Franz Albert Joku, a former leading West Papuan independence campaigner who changed sides and became an Indonesian government supporter, has died in Jayapura.
Joku, who also worked as a journalist in Melanesia for many years, controversially advocated autonomy for Papua within Indonesia rather than independence. He died on Sunday aged 66 after illness linked with heart disease and kidney failure.
He was a prominent landowner from Sentani and formerly the spokesman for the Papua Presidium Council which galvanised momentum in the West Papuan independence struggle at the turn of the century.
But the “Papua Spring” was short-lived, while the Presidium lost ground after Indonesian military special forces assassinated its charismatic leader Theys Eluay.
Although a key supporter of Eluay, Franzalbert Joku eventually threw his support behind the Special Autonomy Status which Indonesia granted to Papua in 2001 in response to the demands for independence.
After fleeing Indonesian rule in his homeland as a younger man, Joku returned for good in 2008.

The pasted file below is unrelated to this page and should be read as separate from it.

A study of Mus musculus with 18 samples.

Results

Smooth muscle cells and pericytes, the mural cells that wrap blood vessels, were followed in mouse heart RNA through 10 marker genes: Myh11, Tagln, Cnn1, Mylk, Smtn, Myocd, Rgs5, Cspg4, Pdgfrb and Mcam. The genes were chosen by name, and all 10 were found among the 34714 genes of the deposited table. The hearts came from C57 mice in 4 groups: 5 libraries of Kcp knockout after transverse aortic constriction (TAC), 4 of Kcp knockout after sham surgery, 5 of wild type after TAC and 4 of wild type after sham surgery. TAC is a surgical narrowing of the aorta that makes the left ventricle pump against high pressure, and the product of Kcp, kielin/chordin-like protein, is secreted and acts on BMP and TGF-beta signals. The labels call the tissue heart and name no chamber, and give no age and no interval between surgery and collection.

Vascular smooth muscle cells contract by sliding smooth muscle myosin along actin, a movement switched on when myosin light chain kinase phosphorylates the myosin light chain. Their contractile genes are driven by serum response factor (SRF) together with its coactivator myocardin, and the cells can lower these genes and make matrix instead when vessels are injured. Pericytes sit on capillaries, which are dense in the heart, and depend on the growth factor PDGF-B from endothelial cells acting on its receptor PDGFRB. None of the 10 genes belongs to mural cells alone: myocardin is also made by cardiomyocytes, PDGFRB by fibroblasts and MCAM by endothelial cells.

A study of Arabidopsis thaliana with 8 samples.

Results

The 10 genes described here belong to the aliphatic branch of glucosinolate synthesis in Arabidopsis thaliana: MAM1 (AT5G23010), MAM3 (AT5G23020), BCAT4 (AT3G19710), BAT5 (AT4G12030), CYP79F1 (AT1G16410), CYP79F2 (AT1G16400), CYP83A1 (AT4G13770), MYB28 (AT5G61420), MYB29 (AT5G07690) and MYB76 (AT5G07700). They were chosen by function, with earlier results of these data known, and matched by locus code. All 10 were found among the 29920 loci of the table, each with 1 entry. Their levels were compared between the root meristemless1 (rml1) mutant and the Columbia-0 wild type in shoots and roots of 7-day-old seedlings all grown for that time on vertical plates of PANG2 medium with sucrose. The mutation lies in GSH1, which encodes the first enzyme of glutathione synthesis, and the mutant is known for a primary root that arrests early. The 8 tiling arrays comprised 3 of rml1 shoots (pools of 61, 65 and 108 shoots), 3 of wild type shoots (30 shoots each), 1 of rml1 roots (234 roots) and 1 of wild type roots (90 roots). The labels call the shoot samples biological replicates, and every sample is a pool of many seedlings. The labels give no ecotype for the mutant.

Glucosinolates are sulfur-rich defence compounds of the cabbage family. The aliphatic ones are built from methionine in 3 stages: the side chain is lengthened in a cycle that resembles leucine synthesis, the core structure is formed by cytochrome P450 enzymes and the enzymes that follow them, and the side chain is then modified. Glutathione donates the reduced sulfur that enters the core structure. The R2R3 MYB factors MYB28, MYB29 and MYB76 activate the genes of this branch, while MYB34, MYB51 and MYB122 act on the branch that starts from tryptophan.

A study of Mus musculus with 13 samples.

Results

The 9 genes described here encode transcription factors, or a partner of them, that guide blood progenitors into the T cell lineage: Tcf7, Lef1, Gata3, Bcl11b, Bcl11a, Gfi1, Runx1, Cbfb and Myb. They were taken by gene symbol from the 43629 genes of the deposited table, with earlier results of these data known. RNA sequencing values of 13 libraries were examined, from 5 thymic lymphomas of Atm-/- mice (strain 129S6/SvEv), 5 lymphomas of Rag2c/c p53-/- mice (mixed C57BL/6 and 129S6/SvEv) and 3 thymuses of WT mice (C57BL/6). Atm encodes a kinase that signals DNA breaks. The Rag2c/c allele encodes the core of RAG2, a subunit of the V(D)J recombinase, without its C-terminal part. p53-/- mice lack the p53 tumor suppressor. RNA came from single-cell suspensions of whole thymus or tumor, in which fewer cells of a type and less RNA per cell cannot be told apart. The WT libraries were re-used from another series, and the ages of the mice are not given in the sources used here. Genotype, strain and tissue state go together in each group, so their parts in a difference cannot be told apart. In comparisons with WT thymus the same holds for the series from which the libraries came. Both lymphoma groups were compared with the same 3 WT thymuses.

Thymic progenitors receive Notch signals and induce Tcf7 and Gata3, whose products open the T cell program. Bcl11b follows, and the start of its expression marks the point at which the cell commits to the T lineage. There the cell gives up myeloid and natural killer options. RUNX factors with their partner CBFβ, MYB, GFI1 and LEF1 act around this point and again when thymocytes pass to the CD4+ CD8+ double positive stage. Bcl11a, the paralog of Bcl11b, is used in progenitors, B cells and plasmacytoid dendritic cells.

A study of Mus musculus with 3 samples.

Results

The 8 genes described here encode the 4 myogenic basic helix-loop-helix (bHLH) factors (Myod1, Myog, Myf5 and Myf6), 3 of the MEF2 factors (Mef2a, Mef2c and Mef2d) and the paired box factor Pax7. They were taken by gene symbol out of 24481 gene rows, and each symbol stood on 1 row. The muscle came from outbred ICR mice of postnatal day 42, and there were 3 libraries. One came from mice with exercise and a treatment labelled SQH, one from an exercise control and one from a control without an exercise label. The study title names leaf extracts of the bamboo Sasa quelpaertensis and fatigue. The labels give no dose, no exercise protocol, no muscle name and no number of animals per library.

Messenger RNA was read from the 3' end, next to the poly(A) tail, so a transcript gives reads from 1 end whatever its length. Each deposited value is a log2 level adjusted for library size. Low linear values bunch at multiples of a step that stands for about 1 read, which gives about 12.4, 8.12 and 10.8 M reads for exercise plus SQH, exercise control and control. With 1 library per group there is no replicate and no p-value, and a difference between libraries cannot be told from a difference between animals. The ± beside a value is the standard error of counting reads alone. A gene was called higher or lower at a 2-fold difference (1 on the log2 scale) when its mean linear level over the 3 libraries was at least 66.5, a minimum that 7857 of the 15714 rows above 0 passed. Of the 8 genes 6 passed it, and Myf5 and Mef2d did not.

He became a frequent representative of Indonesia’s government on West Papua matters at regional fora such as the Melanesian Spearhead Group and the Pacific Forum.
A gifted orator with extensive links in the region, Franzalbert Joku came to the conclusion that independence was not a realistic option, and that Papuans should focus their energies on being part of the Indonesian state.
“Now I say this without meaning to undermine my brothers and sisters who are still out there in the jungle or in other countries advocating outright independence,” he told RNZ Pacific in 2015.
“I just look at the issues and try to place them within the context and try to look at what options are within the realm of possibilities.”
Joku’s shifting of allegiances made him a distrusted figure among many in the West Papuan independence movement.
But when asked last year in his last interview with RNZ Pacific about whether Papua should have independence, Joku said a “deeper look at the issues” was required.
“Independence, for some of us, doesn’t mean an instant action of declaring a sovereign nation,” he said.
‘More a value’
“I think it’s more a value. In order to find that value of freedom, of being independent, it is a continuing process.
“I differ between being an independent, sovereign nation of Papua, than being free and well-off economically, socially within a government structure that is in existence today,” he explained.
“Like in any other political processes, you can never win outright. You always end up with political compromise.”
“Special Autonomy, however imperfect and incomplete it may be, is an acceptable political compromise, and we need to grab hold of it earnestly, and make it serve our interests.”
This article is published under the Pacific Media Centre’s content partnership with Radio New Zealand.